I’ve made a lot of cheesecakes over the years and this one ticks all the boxes. The recipe was given to me by my daughter Catherine who said it was easy peasy and delicious.
Instead of topping with marmalade, you could serve the cheesecake with sliced strawberries, macerated with a little sugar and perhaps a splash of orange liqueur or brandy. Instead of marmalade I used about a cup of pureed fresh apricots, which I had frozen during summer, mixed with some home-made cumquat jam and heated to combine, then cooled. Use your imagination – this cheesecake would go well with any jam, marmalade, fruity sauce or fruit compote. Or just some fresh berries.
Use half the amount of biscuits, butter and cinnamon if you prefer a thinner crust.
200g plain sweet biscuits
100g butter at room temperature
1 tsp cinnamon
250g ricotta cheese
250g cream cheese
1 cup sugar
4 eggs, separated
¾ cup cream or sour cream
2 Tbs grated lemon rind
½ cup marmalade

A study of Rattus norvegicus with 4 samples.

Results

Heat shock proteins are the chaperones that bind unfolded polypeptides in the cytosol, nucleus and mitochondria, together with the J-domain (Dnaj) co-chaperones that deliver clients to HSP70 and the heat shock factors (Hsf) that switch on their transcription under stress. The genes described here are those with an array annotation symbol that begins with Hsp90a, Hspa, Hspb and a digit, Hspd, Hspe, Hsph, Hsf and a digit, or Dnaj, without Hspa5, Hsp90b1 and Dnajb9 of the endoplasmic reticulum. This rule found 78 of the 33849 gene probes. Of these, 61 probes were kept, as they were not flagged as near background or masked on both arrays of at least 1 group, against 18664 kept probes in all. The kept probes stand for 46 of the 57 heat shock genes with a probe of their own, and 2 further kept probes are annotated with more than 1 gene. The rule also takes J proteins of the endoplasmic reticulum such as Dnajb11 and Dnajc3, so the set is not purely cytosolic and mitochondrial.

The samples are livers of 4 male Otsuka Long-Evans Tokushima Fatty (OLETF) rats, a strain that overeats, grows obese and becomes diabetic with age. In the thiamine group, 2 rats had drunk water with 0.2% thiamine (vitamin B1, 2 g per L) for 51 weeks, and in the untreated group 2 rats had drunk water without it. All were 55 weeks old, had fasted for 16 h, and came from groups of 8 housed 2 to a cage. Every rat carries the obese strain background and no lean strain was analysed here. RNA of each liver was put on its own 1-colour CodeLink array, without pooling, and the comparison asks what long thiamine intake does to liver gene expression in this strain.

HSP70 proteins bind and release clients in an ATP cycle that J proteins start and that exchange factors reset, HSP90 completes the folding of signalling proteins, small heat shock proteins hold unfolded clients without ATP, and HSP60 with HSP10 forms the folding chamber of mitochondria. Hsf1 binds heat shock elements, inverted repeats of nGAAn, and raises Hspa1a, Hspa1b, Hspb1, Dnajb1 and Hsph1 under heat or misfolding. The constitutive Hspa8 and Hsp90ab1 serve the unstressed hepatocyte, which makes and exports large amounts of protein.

¼ cup water
Grease and bottom line a 22cm springform pan. Preheat oven to 170°C. Blitz biscuits in a food processor with butter and cinnamon to make fine crumbs. Tip into cake pan, spread evenly and press down. Refrigerate while you make the filling.
Place ricotta, cream cheese and sugar in food processor and process until smooth. Add egg yolks, cream and lemon rind and mix thoroughly. In a large mixing bowl whip egg whites with electric beaters until soft peaks form. Scrape mixture from food processor into the egg whites and mix gently with a rubber spatula until combined. Scrape into the cake pan, then bake for 45-50 mins or until set, but still slightly wobbly in the middle. Remove from the oven, cool then cover and refrigerate overnight.
Run a knife around the edge of the cheesecake, then remove sides from pan and dust top with sifted icing sugar. Heat marmalade and water in a small saucepan until combined, then cool and spoon over the top of the cheesecake, or serve separately in a jug.
Variations: use orange rind instead of lemon. Serve with fresh fruit or fruit compote of choice.